By David Howell

WATER VALLEY – A potential loophole allowing D.U.I. citations to be kicked out of justice court was addressed during a recessed supervisors’ meeting Monday morning.

    The matter surfaced, as explained to supervisors by Chancery Clerk Amy McMinn, after a D.U.I. was dismissed from justice court several weeks ago when a lawyer questioned a ticket that was issued in District One and signed by the District Two Justice Court Clerk.

    “When they got to court, the attorney made an issue about one clerk signing it (the ticket) outside of her court district,” McMinn explained, relaying information that had been reported to her.

    Although the matter was not on Monday’s meeting agenda, it was discussed early in the meeting after Sheriff Lance Humphreys told supervisors that his department was in danger of having numerous tickets from the weekend kicked out.

    “My guys worked 90 to 100 hours of overtime this weekend, wrote six D.U.I.s and made several arrests in District One,” the sheriff explained. The problem, explained by Humphreys, was the District One court clerk was on vacation and could not sign the tickets.

    “State law says, if it is an arrestable offense, you have to have the affadavit sworn within 24 hours or the next business day,” Humphreys explained, adding that the weekend arrests were part of the national campaign, Over The Limit Under Arrest. The overtime funding is provided by a grant awarded to the sheriff’s department.

    With the 5 p.m. deadline looming, supervisors voted Monday to juggle how the two justice court clerks were titled, appointing one as clerk of both judicial districts and the second clerk as the deputy clerk for both judicial districts. The vote was unanimous, as supervisors appointed Carol Wilbourn as clerk for both judicial districts and Doris Shaw  as deputy clerk for both districts.

    Prior to the Monday’s vote, Wilbourn served as clerk for District One and Shaw served as clerk for District Two.

    After the vote, McMinn called the justice court to update Shaw about the vote.

“You are now the deputy clerk for the entire county,” McMinn explained to Shaw during the phone conversation.

“She said she just had a trooper walk out of the office with his tickets because she couldn’t swear to them,” McMinn told supervisors, after she got off the phone.

Perceived Loophole

Interlaced in the discussion was differing opinions on how to address the issue, or if there was even a legitimate problem.

McMinn noted that County Prosecuting Attorney J.K. Ward made the initial call to inform county officials that there was a problem in the court system. Ward had recommended that each of the clerks be appointed as deputy clerks in opposite districts, a move that would also allow either court clerk to sign an affadavit in both of the districts.

“Lance, at a later date, had conversation with Judge Riley and he recommended to do something completely different. Then I talked to your board attorney, John Crow, and he said none of it was necessary,” McMinn continued.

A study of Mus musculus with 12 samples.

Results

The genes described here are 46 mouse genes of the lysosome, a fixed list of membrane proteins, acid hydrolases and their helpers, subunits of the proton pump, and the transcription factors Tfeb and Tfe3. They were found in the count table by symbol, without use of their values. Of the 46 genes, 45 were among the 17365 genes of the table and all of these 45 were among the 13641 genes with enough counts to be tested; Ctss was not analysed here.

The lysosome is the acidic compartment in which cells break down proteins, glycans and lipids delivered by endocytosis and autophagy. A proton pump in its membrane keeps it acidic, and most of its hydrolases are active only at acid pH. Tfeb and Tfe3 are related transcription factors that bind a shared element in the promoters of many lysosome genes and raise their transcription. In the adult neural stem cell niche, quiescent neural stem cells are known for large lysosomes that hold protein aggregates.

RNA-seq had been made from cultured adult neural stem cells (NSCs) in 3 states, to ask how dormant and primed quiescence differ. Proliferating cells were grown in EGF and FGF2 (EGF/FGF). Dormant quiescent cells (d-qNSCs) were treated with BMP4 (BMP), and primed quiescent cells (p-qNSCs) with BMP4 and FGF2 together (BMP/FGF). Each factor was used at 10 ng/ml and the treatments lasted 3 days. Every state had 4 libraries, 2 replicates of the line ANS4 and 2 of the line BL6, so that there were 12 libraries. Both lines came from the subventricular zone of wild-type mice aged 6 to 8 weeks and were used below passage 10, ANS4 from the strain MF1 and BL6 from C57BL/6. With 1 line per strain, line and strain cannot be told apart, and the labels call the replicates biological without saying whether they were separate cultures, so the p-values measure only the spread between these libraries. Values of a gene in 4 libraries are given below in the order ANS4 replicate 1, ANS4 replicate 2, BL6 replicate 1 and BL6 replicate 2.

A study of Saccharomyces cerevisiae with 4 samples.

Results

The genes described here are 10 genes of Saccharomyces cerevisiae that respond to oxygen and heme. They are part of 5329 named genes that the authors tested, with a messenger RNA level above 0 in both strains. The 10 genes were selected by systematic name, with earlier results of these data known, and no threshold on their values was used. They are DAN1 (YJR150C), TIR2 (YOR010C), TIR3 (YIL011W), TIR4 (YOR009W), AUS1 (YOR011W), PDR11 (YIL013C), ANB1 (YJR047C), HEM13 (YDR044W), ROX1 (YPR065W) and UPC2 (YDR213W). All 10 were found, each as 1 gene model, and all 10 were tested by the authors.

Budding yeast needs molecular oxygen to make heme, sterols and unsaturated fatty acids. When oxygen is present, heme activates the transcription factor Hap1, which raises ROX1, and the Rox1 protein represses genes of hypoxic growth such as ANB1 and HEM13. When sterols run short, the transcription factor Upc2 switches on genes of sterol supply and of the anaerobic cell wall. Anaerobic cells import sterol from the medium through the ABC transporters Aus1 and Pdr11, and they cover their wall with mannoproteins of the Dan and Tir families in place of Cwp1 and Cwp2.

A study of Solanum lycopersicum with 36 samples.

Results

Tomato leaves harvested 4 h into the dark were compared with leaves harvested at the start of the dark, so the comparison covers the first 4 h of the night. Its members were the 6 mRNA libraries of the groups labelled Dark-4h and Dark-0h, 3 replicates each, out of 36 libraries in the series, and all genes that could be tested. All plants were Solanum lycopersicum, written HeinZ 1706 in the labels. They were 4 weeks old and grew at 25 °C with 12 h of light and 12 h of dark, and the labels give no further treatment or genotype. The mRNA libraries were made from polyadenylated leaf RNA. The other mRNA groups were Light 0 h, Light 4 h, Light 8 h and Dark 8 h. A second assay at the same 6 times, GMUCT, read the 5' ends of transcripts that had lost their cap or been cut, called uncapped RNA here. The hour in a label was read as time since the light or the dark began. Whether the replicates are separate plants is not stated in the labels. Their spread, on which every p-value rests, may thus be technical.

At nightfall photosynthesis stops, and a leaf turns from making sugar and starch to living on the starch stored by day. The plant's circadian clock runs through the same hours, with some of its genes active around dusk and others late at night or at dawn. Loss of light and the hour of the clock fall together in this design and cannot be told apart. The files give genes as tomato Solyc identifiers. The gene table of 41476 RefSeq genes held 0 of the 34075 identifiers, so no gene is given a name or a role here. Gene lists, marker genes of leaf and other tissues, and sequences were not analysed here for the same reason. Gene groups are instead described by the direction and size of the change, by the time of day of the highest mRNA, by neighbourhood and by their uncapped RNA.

“According to John (Crow), he said we don’t have a problem. But there is a problem if these things are being dismissed,” District One Supervisor Tommy Vaughn explained. “There is a perceived loophole, whether it is real or not,” Vaughn said, before the vote was taken.

“Let me tell you what some of your problem is.  If your county prosecuting attorney let’s that stuff ride, then you got a problem. You are going to have a problem from now on,” Surrette said.

“That said, you got to go back now and try to tighten up some of these things that lawyers are going to be looking for because you got somebody that is not really excited about prosecuting,” Surrette said.

“At the same time she is the one that called me and said there was a problem,” McMinn added.

More Scrutiny

“Since 1988 it has been a big mess,” District Three Supervisor M.H. “Butch” Surrette said, referring to the county’s justice court system.

“We all agree with that,” District Two Supervisor Amos Sims added.

“From the judges to the clerks,”  Surrette continued. “It is probably better right now, as far as the clerks are concerned, that it has ever been. But I am not going to go any further than that. I am not going to go to the judge’s side or the prosecutor.”

“We owe it to the sheriff’s department who gets out there all night long and puts their life in danger writing these tickets that are being dismissed. It is not fair to them,” Vaughn added.

“I agree. I am wondering if people really realize, the prosecutors, the lawyers and the judges, if they really realize the effort that is being put forth out there, or if they really care,” Surrette said.

District Five Supervisor Frank “Bubba” Tillman added that the weekend enforcement by the sheriff’s department had created talk in the county.

“They have caught somebody’s kinfolks or something and now they are squalling because they got caught. But they are always wanting the law to do something. I heard it at 10 minutes after six this morning,” Tillman said.

“That is the way it always is. They want something done until you catch them,” Humphreys said.